Movies like Clerks used to always bother me because people who knew the movie always looked down at people who had never seen it.

“You’ve never seen Clerks? Pfft. What are you, a loser?”

But as I got older, I realized that insecure people use movies as some sort of measurement for social acceptance and I have better things to do with my time. Once I got past the cult of personality Clerks created, I started to appreciate the movie for the brilliant work of art that it really is. But I also started to realize that Clerks could have been just as successful as a comedy album as it was a movie. It is what you hear that makes Clerks so popular, and not what you see.

There are plenty of crude sexual jokes in Clerks, but they are all funny. The humor comes from putting the main character Dante into as many awkward situations as possible. Instead of rolling with the day he was handed, Dante fights with it and the results are amazingly funny.

The stoner humor in Clerks works on a limited basis, which is why I never understood why Jay and Silent Bob became a thing. There are also plenty of Kevin Smith inside jokes in this movie that the audience is supposed to laugh at, but not really understand. But the core of this movie is the constant barrage of impossible situations that Dante has to deal with, and the way that he deals with them. In most cases (as with any good comedy), he fails miserably.

The other core of this movie is Dante’s best friend Randal, and the way in which Randal has absolutely no regard for anyone or anything. Randal works at the video rental store across the street from the convenience store where Dante works, and Randal absolutely hates customers. He also hates working, but he loves delivering obscenely funny porn movie titles in such a deadpan way that it is impossible not to laugh.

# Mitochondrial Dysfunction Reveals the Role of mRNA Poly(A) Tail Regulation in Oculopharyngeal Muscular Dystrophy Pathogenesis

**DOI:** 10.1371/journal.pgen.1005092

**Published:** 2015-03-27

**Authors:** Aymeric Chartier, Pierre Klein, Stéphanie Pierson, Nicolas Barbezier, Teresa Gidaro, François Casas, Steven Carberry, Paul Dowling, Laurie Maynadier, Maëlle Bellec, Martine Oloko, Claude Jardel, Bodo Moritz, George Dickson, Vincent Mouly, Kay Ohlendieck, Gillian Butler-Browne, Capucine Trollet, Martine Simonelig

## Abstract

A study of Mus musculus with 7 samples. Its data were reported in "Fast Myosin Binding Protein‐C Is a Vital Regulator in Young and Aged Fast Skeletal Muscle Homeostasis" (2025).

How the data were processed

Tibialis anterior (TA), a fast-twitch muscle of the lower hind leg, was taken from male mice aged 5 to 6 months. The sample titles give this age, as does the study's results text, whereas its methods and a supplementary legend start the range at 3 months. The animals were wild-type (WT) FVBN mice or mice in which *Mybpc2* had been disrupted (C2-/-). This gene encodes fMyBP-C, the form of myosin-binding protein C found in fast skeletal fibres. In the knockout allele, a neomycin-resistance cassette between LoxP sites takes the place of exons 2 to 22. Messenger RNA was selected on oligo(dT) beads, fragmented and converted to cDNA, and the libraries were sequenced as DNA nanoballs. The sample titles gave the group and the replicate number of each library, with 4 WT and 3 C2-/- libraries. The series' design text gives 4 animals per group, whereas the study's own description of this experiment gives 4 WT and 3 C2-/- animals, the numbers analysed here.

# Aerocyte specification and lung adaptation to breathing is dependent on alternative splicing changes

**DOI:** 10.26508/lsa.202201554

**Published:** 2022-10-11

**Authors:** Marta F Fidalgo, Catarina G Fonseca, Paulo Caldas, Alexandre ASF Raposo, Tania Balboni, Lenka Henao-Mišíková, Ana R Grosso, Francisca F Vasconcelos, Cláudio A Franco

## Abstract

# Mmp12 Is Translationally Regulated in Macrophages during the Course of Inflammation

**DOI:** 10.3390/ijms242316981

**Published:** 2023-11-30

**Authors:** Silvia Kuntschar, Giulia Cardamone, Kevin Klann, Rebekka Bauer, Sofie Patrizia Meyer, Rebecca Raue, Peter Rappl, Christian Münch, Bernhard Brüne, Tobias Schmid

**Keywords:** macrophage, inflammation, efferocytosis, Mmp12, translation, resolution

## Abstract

The visual aspect of Clerks, to me, was never very entertaining. This hockey game that Dante complains about almost missing throughout the entire movie looks like it was played by a bunch of guys who had never played hockey before. The grainy black and white overall production of the movie can sometimes make it difficult to watch. But none of that matters because the script is so unbelievably funny.

Fans had waited for years for a Clerks sequel and the sequel failed to live up to the legacy that the original Clerks had created. But it should be noted that the sequel barely failed to live up to that legacy. When writing within the Clerks universe, Kevin Smith could be considered one of the best comedy writers in Hollywood. The problem is that when Smith gets outside of the Clerks universe, the quality of his work falls way off.

Clerks added plenty of little sayings to pop culture and gave guys movie lines to quote for years to come. No matter how many times I watch the movie, I laugh at it. It is basically an amateur film that winds up being one of the funniest movies you will see. But I will admit that Clerks is not for everyone. The humor is not necessarily refined, and it is targeted at a very specific type of audience.

If you like crude sexual jokes and well-timed stoner humor, then you will like Clerks. If you like the worst actors you will ever see put in situations where they are actually very funny, then you will like Clerks. The best part about Clerks is that at its lowest point, it is still not as pointless as anything done by Seth Rogen, Judd Apatow, or Adam Sandler. That alone is enough reason for everyone to see Clerks at least once in their lives.

Rating: 3 ½ out of 5

+George N Root III is a drive-in enthusiast who is not even supposed to be here today. Follow him on Twitter @georgenroot3 or send him a message at georgenroot3@gmail.com.